I was asked by a Human Rights Office to participate as a speaker for an event for mid level managers who are responsible for implementing policies regarding equity and diversity in their unit or department. I was honored, and accepted. That session was yesterday afternoon. As is turns out, it was a 3 hour session, and the organizers wanted me to address the group for an hour. No problem, that is easy. I just didn’t know what questions they were going to have, and of course, it requires that I “out” myself. But again, no problem. If it helps them to understand the impact of the policies and how people like me benefit from them, then it is all worth it. Making it easier for those behind me is a debt I owe, to all those that went before me and paved the way. Sorta like “paying it forward”.

Bottom line, the session went really well, or so the participants told me after. In fact, I am getting emails this morning from participants requesting a meeting time to continue the conversation. The organizers were more than happy to cede their time towards the end, as the crowd was engaged and continued to ask great questions. Every time I looked over to the side to the organizers asking if they wanted me to continue, they just told me to keep going.

The questions were very interesting. Some I expected. What did you have to do to change your name? What were some of the hurdles I faced with different aspects of updating ID, etc? Those are easy. Other questions were specifically about me, as a person. Why did I pick this time to transition? How did my children deal with it? What supports do you have? How has the medical community react/support me (some were from medical units)? They were beginning to see that this is not about a process. It is about people. It is about an individual just wanting to live their live and do their job. They were getting the big picture, and how very important the policies and processes are, but more importantly that how they interact with us as people matters. Every little interaction can make a huge difference to us and they have the power to make it a positive one.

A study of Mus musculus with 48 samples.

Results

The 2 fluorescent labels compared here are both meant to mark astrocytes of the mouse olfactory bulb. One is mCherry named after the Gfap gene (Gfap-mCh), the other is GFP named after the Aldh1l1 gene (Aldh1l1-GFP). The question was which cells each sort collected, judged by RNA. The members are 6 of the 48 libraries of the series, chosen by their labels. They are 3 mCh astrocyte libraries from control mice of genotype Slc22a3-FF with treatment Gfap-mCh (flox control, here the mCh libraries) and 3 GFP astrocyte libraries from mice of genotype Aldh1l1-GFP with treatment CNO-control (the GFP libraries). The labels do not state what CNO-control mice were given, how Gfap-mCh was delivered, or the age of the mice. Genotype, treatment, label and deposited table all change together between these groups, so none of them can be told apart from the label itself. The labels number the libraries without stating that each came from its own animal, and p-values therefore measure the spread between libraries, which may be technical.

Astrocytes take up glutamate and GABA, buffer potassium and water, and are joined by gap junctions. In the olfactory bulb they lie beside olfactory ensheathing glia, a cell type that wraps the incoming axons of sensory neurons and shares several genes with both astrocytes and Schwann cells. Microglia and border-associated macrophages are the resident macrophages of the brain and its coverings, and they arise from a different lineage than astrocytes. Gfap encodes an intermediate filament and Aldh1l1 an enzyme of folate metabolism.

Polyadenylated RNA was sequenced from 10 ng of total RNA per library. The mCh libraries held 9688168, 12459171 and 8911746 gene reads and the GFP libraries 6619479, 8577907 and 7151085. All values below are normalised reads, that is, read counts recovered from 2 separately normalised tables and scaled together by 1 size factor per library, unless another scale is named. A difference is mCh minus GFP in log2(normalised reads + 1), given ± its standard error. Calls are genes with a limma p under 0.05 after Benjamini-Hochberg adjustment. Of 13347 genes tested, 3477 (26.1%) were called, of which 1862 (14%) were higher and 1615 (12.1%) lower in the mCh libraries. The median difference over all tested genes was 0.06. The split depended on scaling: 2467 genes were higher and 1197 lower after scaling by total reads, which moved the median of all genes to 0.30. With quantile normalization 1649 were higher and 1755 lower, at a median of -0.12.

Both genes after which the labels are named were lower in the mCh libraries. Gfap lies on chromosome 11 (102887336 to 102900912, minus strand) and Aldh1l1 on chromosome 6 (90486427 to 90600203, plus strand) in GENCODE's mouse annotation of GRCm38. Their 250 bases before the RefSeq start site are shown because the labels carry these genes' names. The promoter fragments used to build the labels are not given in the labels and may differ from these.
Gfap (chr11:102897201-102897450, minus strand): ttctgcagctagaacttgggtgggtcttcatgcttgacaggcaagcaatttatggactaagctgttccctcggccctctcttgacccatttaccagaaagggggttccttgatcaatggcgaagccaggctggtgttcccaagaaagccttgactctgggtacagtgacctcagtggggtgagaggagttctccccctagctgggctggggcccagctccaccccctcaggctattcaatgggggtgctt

The best part is that people eagerly contributed what they do in their world with respect to a given issue or barrier, and the participants started to share their solutions and best practices to the benefit if all in attendance.

And that is exactly what I was hoping would happen. A discussion/conversation, not about me, but about the issues. I was simply there to be the catalyst. I have no desire to be the centre of attention. Don’t care. What I do care about and hope for are more conversations like this. And if I can help to start the conversation, then I’m good with that.

At the end of a day, I always ask myself if today was a good day, did I get something accomplished? I am happy to be able to say that yesterday was a good day.


  1. I think that any day that we can elucidate “our” issues to someone, we’ve had a productive day. When one so eloquent does it with a large group and can directly influence others lives by that act and make their path a little smoother?…….well, that’s karma to fill a month. Thanks for being such an awesome spokeswoman for our community at large. Every little bit helps and to have an Ambassador like you speaking out on or behalf and advocacy is simply priceless. Thanks for your continuing efforts, Erin! It’s certainly appreciated. This is my little way of letting you know that.